PHOENIX – Playgrounds are an iconic part of childhood that help create lasting memories and build social skills. Research by Kaboom, a national organization that seeks to eliminate “play space inequity,” shows that kids from lower socioeconomic groups and communities of color are more likely to lack a decent place to play.
“Play space iniquity has deep roots in racism, disinvestment, redlining and real estate community exclusion,” said Iyana Moore, associate director of strategic communications at Kaboom, which partners with local schools and businesses to build playgrounds in areas where access to playgrounds has been historically limited.
“What’s true for one kid should be true for all kids. Every kid should have access to quality play spaces close to where they live and where they learn,” Moore said. “It’s important to feel a sense of belonging and a level of safety at these spaces, and inclusion plays a big role in that.”
Kaboom partners communities with parents and local businesses to help fund the playground projects. Depending on how much money the partners are able to raise, Kaboom matches it and asks for a small donation from the school.
Loma Linda School in the Creighton School District is the latest to benefit from Kaboom’s mission. A Title I school near 20th Street and Clarendon Avenue, its older students only had a field and a basketball court to play on during recess.
Loma Linda Principal Amy Burgess applied for a grant from Kaboom last year for her school’s fifth- through eighth-grade students. The closest playground to the school is about 2 miles away and children would need to cross State Route 51 to access it.
“I grew up like a lot of our students,” she said. “My family was very far below the poverty line and my mom was a single mom raising four kids. That’s why I work in the community that I do. Because where I’m at in my life and my success was due to teachers who cared about me and kept me from doing things I shouldn’t have.”
Kaboom partnered Loma Linda with Fairytale Brownies to build the playground. Arizona-based Fairytale Brownies co-founders Eileen Spitalny and David Kravetz met on their kindergarten playground when they were children, so Kaboom was a perfect way for them to do good for a cause that is sentimental to them, Spitalny said.
One of the most unique aspects of the playground process is that the students get to provide their input into the design and features of the build. In art classes at Loma Linda, students were given a map to design their dream playground. From there, designs were pitched to Burgess, then some students were selected to share their designs with Kaboom and Fairytale Brownies.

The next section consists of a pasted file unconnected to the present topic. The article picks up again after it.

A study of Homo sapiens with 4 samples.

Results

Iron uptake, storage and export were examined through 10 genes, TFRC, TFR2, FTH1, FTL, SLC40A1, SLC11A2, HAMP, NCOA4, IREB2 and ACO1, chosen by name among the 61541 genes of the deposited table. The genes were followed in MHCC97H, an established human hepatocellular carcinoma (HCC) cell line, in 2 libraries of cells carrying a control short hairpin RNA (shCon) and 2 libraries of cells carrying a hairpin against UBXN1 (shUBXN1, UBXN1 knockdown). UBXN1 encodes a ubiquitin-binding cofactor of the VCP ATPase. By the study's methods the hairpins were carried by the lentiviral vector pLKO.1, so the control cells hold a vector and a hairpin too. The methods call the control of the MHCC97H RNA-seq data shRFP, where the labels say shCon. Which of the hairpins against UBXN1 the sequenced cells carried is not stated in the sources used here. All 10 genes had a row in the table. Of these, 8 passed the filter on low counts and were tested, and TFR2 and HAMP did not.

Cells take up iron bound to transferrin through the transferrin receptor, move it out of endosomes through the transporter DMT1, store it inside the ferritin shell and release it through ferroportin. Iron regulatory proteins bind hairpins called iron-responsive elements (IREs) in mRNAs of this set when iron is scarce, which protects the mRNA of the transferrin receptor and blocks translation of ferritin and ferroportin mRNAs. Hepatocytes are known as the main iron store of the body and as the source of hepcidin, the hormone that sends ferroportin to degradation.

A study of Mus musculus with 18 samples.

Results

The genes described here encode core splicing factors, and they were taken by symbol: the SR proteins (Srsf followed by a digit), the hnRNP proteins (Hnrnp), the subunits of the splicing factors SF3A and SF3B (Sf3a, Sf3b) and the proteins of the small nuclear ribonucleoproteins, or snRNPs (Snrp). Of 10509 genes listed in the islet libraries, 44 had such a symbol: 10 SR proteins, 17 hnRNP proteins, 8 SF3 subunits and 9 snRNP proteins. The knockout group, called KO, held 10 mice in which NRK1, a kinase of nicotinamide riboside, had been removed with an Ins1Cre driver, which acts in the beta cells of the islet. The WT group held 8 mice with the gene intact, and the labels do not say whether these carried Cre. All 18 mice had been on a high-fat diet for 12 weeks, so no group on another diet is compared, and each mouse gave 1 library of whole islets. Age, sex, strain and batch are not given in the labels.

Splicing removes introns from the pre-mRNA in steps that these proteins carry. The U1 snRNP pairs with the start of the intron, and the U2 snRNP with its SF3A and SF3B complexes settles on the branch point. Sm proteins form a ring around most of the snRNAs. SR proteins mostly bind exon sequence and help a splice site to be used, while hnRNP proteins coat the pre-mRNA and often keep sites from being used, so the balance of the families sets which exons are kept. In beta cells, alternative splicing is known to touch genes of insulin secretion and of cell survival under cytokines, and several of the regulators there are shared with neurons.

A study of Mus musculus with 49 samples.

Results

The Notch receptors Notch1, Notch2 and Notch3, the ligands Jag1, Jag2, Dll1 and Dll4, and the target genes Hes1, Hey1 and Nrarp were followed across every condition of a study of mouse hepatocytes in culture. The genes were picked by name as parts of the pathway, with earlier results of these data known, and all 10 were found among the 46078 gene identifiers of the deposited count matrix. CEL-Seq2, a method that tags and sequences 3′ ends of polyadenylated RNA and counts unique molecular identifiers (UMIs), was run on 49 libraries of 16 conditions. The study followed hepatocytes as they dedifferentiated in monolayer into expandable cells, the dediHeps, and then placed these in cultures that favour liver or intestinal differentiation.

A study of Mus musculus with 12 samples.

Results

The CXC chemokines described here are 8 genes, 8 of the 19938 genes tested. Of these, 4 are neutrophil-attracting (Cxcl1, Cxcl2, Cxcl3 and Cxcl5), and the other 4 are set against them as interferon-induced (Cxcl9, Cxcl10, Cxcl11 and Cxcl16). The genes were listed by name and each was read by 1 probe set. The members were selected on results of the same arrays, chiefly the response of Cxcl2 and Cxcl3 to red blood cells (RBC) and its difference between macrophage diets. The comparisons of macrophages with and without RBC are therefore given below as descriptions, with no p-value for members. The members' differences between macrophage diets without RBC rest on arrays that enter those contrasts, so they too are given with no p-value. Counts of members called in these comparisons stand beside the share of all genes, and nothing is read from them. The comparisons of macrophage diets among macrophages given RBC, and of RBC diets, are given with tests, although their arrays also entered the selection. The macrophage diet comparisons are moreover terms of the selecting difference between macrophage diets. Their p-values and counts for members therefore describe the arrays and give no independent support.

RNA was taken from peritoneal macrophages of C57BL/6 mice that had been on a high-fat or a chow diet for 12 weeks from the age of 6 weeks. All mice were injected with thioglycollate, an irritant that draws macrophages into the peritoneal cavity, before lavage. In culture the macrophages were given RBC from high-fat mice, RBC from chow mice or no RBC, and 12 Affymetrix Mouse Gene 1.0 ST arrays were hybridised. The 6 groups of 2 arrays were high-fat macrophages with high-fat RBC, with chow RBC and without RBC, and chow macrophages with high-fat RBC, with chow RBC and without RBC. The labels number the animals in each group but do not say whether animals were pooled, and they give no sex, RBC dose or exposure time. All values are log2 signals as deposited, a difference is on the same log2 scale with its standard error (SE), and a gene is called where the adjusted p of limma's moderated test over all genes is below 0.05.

“I like building designs, and I do it all the time because my dad’s an architect,” said Daniel Chiago, a fifth grader. “Before I knew it, I turned my paper in to Principal Burgess and then we had a meeting after school where we voted on what parts of my design should be on the playground.”
Part of the design process included a wall of photos featuring different play designs. The kids had the opportunity to choose which photos they liked and determine which designs were most important for them. The options included a variety of slides, zip line features, swings, climbing walls and more. The students even got to choose the color for the playground structures.
“Even though the kids seemed nervous, these things are so important,” Spitalny said. “These are the steps you take to see an end goal of a project. The skills that they are learning are really helpful for them as future leaders.”
After hearing the kids’ design ideas and meeting with them in December, Bicki Rudd, a project manager at Kaboom, got to work. A two-month planning period is used to make sure everything from funding to supplies is in order before the Kaboom team comes to the school.
Along with Kaboom and Fairytale Brownies, the school also had to raise money to build the playground. The school held “dress-down days” where students could dress in comfy non-uniform clothes and had an online fundraiser where people in the community could donate.
Following the planning period, there were two days of preparation where volunteers and workers dug holes and leveled the surface where the playground was to be built.
Organizers and volunteers showed up Feb. 23 to complete the project. Volunteers came for a variety of reasons, but most came to see smiles on the kids’ faces as the play area became real. Each class was allowed to come out during the day to thank workers and encourage them to keep building. One volunteer, Juan Vela, came to support the cause.
“Children are the heart of our future so it’s always good for them to have a better upbringing than some of us who didn’t have that opportunity,” Vela said. “Coming from an impoverished neighborhood, knowing I could make a change, why not come out here and help?”
As the day went on and the kids came to check on the progress, volunteers could hear sounds of excitement coming from the kids, many of whom screamed, “That’s my design!”
The children also made signs to thank the volunteers. Within the school, they held a competition to see which classroom could bring the most water bottles for volunteers. The winning class was awarded the first 30 minutes of play on the new equipment.
“I think the playground will make everyone closer,” said Serena Robinson, a fifth grader at Loma Linda. “More people will talk and since nobody is super close to each other at recess now because we are all spread out, it will be better because we have a place to be together. It will make everyone better friends.”
Kaboom has helped fund 90 playgrounds in Arizona since 1999, and 17,000 throughout the country.
Its next project in Arizona is at AZ Compass Prep School in Chandler. Working with Salt River Project and Fiesta Bowl Charities, Kaboom expects 100 volunteers will come together to build a 2,500-square-foot playground.